I always wonder if big organizations can change. In the business world, "Change Management" is a growing field complete with special buzzwords that accompany the M.B.A.'s and H.R. folks who are trained to facilitate this process. Non-profits and government organizations are quick to follow with numerous articles, conferences, and websites dedicated to this practice. In other words, change is not easy. It is something that requires thought, planning, and buy-in. I've read a fair amount about this process, but in my opinion, especially in a diverse government organization, change has to begin with the employees.
When people think of change, often, the first thought that comes to mind is, "Wow, will I be asked to do a job that I feel uncomfortable, or unprepared to do?" (Well, let's be honest, the first thought is usually, "Oh no! Will I lose my job!") In my humble opinion, the way to change a large organization is to make people feel comfortable and relevant, and that means by finding out what is working and not working. And, by attempting to implement change that will make people's lives easier, and enable them to spend more time doing work that is meaningful to them. Rob Markey at the Harvard Business Review Blog had a great piece called Transform Your Employees into Passionate Advocates. One of the main points that stood out for me was that measuring employee happiness isn't so difficult. To be blunt, "They (companies) survey employees more often, ask just a few simple questions, and simplify the reporting." Hmmm... sounds pretty straightforward, right?
But what if an organization is really big, has many locations, and has diverse clients? This is when it is especially important to work face-to-face with employees, OR another way to get as much feedback as possible before the change process starts. Even if time is limited, if this step is skipped, an organization will sacrifice buy-in from the beginning. Buy-in starts with genuine, honest, and thoughtful listening--not by top-down policies. I think the lesson is that it also means being able to rethink staff value and to be flexible with their skill sets. Asking people in these face-to-face sessions what they enjoy, and what their strengths are might lead to some very creative job titles. Don't sell someone short because of their current job title--embrace their ideas, and buy-in increases.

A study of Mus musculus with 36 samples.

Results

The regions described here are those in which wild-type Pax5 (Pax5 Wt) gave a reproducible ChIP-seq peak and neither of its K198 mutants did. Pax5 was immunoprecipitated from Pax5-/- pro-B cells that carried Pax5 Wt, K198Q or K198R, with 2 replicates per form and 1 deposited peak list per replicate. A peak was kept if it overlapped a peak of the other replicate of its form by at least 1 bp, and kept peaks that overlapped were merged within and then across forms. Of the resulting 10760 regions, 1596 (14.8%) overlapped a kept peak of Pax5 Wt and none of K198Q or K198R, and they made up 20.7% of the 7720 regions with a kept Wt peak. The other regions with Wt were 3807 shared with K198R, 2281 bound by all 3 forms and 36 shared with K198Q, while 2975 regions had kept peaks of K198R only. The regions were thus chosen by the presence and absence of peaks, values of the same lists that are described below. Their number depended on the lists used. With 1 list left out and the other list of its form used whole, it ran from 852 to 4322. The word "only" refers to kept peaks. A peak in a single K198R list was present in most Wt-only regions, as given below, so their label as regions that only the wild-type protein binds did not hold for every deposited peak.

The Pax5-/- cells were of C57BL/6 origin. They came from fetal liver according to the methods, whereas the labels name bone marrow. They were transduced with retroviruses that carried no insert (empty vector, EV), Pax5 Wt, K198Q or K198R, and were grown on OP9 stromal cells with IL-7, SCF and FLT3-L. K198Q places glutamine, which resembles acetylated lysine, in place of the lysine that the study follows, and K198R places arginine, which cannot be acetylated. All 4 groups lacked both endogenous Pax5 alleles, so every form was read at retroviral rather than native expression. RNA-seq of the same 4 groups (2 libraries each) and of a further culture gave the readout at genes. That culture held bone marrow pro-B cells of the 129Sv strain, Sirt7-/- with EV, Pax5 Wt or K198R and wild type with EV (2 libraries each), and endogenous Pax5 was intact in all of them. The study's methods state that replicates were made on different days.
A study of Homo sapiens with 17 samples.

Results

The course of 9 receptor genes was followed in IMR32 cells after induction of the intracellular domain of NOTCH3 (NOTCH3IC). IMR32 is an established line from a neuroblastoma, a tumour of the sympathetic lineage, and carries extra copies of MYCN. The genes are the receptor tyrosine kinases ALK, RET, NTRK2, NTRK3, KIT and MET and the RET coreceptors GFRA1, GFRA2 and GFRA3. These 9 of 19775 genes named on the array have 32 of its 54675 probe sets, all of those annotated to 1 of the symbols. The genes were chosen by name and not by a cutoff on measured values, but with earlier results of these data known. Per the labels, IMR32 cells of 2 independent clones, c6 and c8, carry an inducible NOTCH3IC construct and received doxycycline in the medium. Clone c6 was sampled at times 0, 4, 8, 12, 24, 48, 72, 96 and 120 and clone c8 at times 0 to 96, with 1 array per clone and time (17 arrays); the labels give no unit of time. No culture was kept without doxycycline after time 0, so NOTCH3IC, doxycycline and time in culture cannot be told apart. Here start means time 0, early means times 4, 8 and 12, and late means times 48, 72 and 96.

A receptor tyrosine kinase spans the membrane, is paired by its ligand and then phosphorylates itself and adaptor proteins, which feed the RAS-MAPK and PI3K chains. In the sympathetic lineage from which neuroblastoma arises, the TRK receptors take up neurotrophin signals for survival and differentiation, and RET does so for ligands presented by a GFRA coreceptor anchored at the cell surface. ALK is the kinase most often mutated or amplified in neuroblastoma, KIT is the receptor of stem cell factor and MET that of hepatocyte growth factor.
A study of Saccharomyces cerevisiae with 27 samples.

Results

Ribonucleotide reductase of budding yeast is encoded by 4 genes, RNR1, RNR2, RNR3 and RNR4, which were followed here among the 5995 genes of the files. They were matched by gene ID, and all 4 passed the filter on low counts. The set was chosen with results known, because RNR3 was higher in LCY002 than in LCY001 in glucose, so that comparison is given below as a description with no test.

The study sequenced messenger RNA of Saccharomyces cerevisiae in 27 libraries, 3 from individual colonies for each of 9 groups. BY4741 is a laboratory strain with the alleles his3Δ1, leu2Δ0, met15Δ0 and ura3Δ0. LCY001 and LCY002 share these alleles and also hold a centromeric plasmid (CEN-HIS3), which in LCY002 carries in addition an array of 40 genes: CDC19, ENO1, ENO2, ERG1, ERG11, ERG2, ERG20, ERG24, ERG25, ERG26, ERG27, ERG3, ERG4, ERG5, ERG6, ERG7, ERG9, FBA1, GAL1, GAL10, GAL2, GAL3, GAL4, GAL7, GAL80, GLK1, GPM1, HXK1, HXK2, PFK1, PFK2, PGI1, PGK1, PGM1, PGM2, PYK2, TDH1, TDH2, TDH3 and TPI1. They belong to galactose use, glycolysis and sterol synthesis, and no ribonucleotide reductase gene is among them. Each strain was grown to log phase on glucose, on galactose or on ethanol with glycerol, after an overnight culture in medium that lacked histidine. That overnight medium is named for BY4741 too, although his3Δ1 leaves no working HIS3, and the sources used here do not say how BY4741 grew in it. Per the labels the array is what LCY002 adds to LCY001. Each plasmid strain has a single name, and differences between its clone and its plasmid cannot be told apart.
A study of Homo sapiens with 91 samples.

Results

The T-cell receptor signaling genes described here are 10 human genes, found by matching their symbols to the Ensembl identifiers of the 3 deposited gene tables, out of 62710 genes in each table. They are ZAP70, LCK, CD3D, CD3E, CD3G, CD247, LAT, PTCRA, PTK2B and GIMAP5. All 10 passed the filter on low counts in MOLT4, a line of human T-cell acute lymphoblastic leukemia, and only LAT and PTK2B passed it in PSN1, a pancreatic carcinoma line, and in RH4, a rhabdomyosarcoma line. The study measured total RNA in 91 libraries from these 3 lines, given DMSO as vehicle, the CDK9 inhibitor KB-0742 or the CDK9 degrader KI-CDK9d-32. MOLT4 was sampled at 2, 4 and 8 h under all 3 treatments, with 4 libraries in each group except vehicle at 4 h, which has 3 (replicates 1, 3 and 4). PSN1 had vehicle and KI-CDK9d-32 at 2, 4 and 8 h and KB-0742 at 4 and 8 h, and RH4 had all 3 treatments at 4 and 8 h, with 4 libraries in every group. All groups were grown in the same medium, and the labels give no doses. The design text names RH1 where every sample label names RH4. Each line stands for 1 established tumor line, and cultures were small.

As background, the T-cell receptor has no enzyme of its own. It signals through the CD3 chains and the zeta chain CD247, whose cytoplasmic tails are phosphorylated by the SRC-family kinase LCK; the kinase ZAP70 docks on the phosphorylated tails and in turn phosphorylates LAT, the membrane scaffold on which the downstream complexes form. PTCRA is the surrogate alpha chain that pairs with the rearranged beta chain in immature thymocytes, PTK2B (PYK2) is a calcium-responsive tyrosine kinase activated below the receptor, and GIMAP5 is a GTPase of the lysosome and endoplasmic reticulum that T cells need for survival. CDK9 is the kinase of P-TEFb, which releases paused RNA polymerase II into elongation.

I've read, as well, that it's really important to work with the "gate-keepers" of information. If there are key union-members, managers, or personalities, their ideas and thoughts need to be brought to the table, and considered. If they don't buy-in, then many times, staff won't either.
As a "Get-er-done!" type person, patience is something that I have to work at. I can usually see an immediate solution to many things, and I just want to implement it. I've learned from experiences, that "Get-er-done!" is great for last-minute-deadline-meeting issues, but not for bigger issues of employee buy-in of change.